By now the news is spreading like fire around the Internet and beyond – Steve Jobs has resigned as CEO of Apple, Inc. As I sit and watch the stream of tweets flowing through my Twitter client, even those who are vehemently against Apple are wishing Jobs and his family well. It’s in this moment that I realize something incredibly true about the future – Apple will continue to dominate.
Oh sure, as I’m writing this I’m watching Apple’s stock take a downturn. At present it’s down 5% in after-hours trading and I’m certain that it will continue for the next few days, if not weeks. In fact, I’d be surprised to see it hold steady or climb until we see the next iPhone. But that’s just how the stock market works and a 5% drop is barely even worth noting.
It’s the reaction that people have when a man has made a difference. But it’s not just the man. Steve Jobs rebuilt Apple in his image, crafting every inch of every device into exactly what he would want. Beyond that, though, he built an entire way of life inside the walls of Apple. He has built a legacy and that’s something that a simple switch of a CEO can not change.
“Come on, replace Steve? No. He’s irreplaceable,” – Tim Cook
To those looking back, 1985 was the second most pivotal year for Apple Computer. The year that Steve Jobs was asked to resign was also the year that he started to build the future of Apple Computer, though it would take 12 years for that future to come to light. By 1997, Jobs was back at Apple and plotting the course that would bring the company back from the edge of destruction.
Then, in 2001, the shift became clear to the rest of the world. Apple launched OS X, incorporating tools from Jobs’ NeXTstep operating system while building it on top of one of the most operating systems that we’ve ever seen in FreeBSD. It’s arguable that the changes that happened prior to 2001 were instrumental in helping the company come back from the dead, but that launch of OS X was a gust of wind in the sails that came at just the right moment.
Fortunately, that gust never stopped. It became a gale-force wind that has continued for the following 10 years, propelling Apple, Inc to bigger things while building upon the culture that Jobs himself curated. It is with that in mind that we have to look toward the future of the company.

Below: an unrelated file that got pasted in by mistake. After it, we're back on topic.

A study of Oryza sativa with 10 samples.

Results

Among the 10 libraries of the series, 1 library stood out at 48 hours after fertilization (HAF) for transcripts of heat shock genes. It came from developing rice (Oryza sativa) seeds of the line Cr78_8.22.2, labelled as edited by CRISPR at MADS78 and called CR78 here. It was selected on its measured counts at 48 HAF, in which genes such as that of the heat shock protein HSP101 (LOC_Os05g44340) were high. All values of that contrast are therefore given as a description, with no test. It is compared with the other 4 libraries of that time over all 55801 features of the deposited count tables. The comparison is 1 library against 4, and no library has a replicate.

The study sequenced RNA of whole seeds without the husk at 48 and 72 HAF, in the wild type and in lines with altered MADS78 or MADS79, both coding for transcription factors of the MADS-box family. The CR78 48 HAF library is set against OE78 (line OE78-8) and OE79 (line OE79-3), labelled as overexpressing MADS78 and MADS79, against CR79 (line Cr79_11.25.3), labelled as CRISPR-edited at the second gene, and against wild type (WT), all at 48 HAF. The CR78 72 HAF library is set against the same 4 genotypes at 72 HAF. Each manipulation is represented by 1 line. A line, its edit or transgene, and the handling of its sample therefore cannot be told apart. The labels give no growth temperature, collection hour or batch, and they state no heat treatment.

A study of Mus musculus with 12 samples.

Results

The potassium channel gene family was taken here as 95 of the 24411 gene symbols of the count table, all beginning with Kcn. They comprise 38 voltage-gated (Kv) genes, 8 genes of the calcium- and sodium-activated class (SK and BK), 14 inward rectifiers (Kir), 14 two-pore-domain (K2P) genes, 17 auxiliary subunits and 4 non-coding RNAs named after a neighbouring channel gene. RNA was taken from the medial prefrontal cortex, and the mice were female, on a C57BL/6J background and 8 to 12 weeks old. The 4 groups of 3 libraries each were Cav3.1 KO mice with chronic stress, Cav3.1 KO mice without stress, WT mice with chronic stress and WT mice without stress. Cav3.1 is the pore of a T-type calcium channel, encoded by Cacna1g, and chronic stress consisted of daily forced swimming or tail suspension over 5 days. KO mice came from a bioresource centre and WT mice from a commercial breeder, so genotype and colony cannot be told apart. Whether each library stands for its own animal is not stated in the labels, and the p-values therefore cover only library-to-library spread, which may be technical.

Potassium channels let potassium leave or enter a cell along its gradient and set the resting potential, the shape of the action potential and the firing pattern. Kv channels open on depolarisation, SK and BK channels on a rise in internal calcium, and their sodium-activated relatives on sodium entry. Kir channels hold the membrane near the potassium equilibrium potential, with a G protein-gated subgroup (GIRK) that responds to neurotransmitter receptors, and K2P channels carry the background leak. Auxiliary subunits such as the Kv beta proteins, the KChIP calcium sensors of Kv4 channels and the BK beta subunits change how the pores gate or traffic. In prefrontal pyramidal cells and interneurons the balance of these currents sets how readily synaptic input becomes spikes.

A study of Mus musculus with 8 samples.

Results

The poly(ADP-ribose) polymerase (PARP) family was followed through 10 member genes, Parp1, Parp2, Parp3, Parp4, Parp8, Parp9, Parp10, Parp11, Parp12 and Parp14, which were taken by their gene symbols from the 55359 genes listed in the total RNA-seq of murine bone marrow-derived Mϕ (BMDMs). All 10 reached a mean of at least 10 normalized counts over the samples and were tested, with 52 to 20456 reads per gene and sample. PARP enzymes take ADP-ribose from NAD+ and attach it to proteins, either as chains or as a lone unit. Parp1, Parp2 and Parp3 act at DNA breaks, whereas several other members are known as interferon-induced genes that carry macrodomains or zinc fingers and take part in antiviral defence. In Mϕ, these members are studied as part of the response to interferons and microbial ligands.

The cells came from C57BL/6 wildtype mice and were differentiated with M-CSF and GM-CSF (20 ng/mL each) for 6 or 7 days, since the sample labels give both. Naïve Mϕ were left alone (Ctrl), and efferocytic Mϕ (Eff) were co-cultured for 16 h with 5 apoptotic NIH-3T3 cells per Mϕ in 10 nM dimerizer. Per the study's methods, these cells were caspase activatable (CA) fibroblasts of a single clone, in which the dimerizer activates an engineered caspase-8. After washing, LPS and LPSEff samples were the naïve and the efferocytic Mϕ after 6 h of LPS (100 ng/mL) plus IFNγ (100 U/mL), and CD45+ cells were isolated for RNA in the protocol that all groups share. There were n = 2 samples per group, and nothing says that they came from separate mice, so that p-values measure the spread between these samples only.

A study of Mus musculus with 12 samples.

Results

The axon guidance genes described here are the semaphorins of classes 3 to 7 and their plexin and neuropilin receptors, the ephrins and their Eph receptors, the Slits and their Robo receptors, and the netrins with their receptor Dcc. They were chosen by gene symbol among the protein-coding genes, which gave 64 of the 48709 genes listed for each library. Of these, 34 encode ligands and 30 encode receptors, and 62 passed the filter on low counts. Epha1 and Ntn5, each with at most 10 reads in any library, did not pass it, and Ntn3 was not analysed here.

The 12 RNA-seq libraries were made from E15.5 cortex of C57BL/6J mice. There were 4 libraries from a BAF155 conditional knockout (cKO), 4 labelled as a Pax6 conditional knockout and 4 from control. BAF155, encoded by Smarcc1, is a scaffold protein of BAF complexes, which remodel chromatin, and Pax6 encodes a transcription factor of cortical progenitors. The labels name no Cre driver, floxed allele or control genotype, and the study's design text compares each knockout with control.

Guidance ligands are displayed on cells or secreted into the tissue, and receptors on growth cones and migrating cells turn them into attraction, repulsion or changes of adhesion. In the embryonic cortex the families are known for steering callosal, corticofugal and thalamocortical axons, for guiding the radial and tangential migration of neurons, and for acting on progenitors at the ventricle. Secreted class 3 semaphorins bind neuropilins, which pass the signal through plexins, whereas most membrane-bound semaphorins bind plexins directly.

Tim Cook has been inside of the computer industry for the better part of the past 30 years. The previous 12 of those have been spent at Apple, fixing the things that Jobs himself was either unable or unsuited to do. Cook is, arguably, the one responsible when you’re standing in a queue outside of an Apple store, waiting to get the newest iPhone, with the fear in the back of your mind that it might take weeks to acquire it otherwise.
Cook is described as an even-tempered and quiet, but a workaholic. These are three terms that Apple needs to focus on in order to continue the legacy that Jobs has laid out. Having Cook at the helm, nearly any company would be proud. The reputation of his work speaks volumes and, as Steve Wozniak has been quoted as saying, when speaking about the future of Apple, “the quality of the people doesn’t change overnight. Neither does the quality of the products.”
There’s another fact that is quickly being passed by, but it’s probably the single most important one outside of the culture of Apple – Steve Jobs is not leaving Apple, Inc. From Jobs’ letter of resignation as CEO:
I would like to serve, if the Board sees fit, as Chairman of the Board, director and Apple employee.
This fact is vital to my belief that Apple will continue to dominate as it has in the past few years. The job of the CEO is to manage the company. But in doing so, it is also the job of the CEO to take into full account the recommendations of the Board of Directors, as well as the input of the company as a whole.
It’s also worth noting, as John Gruber states over on Daring Fireball, that this isn’t exactly news:
Tim Cook wasn’t named “CEO” until today, but he’s been the chief executive at the company since Jobs started this — his third — medical leave back in January, and probably even before that.
The era of Steve Jobs as CEO of Apple, Inc may have ended, but another one has begun. Apple is firmly on the right path when it comes to the factors that make the company profitable and dominating. As it has often been said before, when you’re on the right path, all you have to do is keep walking forward.